110: How to Compassionately Respond to Homelessness // Meg Martin

110: How to Compassionately Respond to Homelessness with Meg Martin by popular Utah mom podcast 3 in 30: image of Meg Martin with an elderly man.

I love this time of year when the whole world seems to be more focused on reaching out to our neighbors and making a difference in our communities.Today on the podcast, I am so honored to have my life-long friend Meg Martin with us. Meg is a certified peer counselor and social worker who is a founding member and the Executive Director of Interfaith Works Homeless Services in Olympia, Washington. After recovering from her own battles with mental illness and addiction, she felt compelled to help those who often struggle with the same issues but who don’t have the family and financial support to get the services they need to get well.

I hope today’s episode will make it feel much more possible to reach out to a group of people who need the support and assistance of their communities– not just during the holidays but all year long with these three takeaways for how to compassionately respond to homelessness: 

Meg Martin’s 3 Takeaways on How to Respond to Homelessness

1) Learn about the reasons why people end up experiencing homelessness 

2) Do not repress the desire to be generous

3) It’s okay to have boundaries

Use this link to donate to the Interfaith Shelter Works Project:


What did you learn from Meg Martin today? Let me know in a comment below!

**Many thanks to Shine Cosmetics for sponsoring this episode of 3 in 30. We love their makeup!


  1. Christy Spencer on 12/06/2019 at 3:06 PM


    I spent a decade working in the humanitarian sector, much of which focused on “people experiencing homelessness” (wish I’d had that term back then). It feels super presumptuous of me, but there are a few *bonus* takeaways I’d add to your WONDERFULLY done podcast.

    1.Put more financial support into PROGRAMS not PANHANDLERS.
    Panhandlers are RARELY the same people who are experiencing homelessness. (Nearly all panhandlers are part of organized crime. I have some old statistics and studies to back that up.) People experiencing homelessness are generally served best by programs that mentor and support them through things like rapid re-housing and/or case management. (Still there is nothing wrong with spontaneous acts of compassion).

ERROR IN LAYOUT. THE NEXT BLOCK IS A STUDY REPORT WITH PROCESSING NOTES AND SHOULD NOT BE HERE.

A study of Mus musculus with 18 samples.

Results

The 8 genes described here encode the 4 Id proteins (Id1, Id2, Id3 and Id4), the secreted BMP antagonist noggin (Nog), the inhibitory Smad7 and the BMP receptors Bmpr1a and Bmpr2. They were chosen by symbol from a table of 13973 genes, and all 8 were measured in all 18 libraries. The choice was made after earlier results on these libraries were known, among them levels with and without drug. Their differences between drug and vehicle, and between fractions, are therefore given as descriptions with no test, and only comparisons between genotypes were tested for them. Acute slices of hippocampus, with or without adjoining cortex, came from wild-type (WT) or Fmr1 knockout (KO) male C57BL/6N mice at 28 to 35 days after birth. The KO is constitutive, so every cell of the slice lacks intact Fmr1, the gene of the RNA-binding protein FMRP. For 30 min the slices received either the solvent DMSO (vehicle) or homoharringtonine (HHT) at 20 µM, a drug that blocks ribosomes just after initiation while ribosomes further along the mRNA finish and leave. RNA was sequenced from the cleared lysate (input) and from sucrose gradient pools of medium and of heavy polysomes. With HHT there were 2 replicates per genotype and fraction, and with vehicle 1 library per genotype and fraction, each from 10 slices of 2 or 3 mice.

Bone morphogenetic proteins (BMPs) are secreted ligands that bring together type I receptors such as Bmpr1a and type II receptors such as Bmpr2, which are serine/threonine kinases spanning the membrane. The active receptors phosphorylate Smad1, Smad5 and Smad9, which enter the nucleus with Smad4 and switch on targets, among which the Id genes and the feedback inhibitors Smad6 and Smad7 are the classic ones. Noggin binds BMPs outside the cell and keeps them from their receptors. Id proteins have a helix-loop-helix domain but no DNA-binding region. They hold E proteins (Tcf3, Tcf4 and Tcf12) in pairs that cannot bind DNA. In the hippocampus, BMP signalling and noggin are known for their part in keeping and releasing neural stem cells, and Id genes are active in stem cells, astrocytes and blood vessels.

2. Identify NEEDS first, then tailor the service to meet that need.
    Sometimes we let our ‘need’ to serve override the needs to be served. Perhaps we have a specific idea, or want to do a group service project with certain parameters, and we try to push that agenda. True service doesn’t have a solution looking for a problem, but asks what the problem is, and plans service to meet it.

    3. Maintain the dignity of the recipient.
    Lengthy epistles could be written about this. But here’s a quote I used in almost all of my presentations. It’s a play on the words HELPING and SERVING that teaches a valuable principle.
    “When we help, we inadvertently take away from people more than we could ever give them; we may diminish their self-esteem, their sense of worth, integrity and wholeness…When you help someone, they owe you one. But serving, like healing, is mutual. There is no debt. I am as served as the person I am serving. When I help I have a feeling of satisfaction. When I serve I have a feeling of gratitude. These are very different things…We can only serve that to which we are profoundly connected, that which we are willing to touch. We serve life not because it is broken but because it is holy….I think I would go so far as to say that fixing and helping may often be the work of the ego, and service is the work of the soul. They may look similar if you’re watching from the outside, but the inner experience is different. The outcome is often different, too…Only service heals.”
    Dr. Rachel Naomi Remen
    University of California San Francisco

    Anyway, I hope this adds to the conversation!



    • Rachel Nielson on 04/05/2020 at 11:49 AM

      What an incredible comment! YES add your takeaways anytime!!!!!!! I loved loved reading this!!! Thank you for listening to the show and adding your thoughts.

  2. Ashley on 12/14/2019 at 9:52 PM

    I originally skipped this episode but am SO glad that I needed something to listen to while I did my dishes(those always end up being the best ones anyway 😉 ) ! I’ve always had an organization only policy when viewing people with homelessness and this was a total paradigm shift for me. I love that even if they are getting supplies from shelters the face to face human interaction can be so powerful for them! Everyone needs to be see n homelessness aside.
    This podcast really inspired me to action. My husband and I put together car kits for our glove box of handwarmers, socks, gloves and hygiene items so we can just roll down our window and give them to others in need. We ended up giving other car kits to my in laws as part of their Christmas gifts. What better way to celebrate then by giving experiences to serve. Thank you for the inspiration and wonderful tips.

    • Rachel Nielson on 04/05/2020 at 11:50 AM

      Oh how incredible. THANK YOU for taking action. And what a great idea to give the car kits to someone else so THEY can have an experience to serve!!

  3. S. Bowe on 01/02/2020 at 5:36 PM

    Thank you so much for covering this topic! I’ve always felt sympathetic but my own biases kept me from taking action to do any good. Your podcast and interview makes me feel much better positioned to do something to help my neighbors experiencing homelessness. Thank you.

    • Rachel Nielson on 04/05/2020 at 11:51 AM

      Thank you so much for consistently listening to the show. I love when I start to recognize people’s names in multiple places…on email, on IG, and in comments on the website. You’re amazing!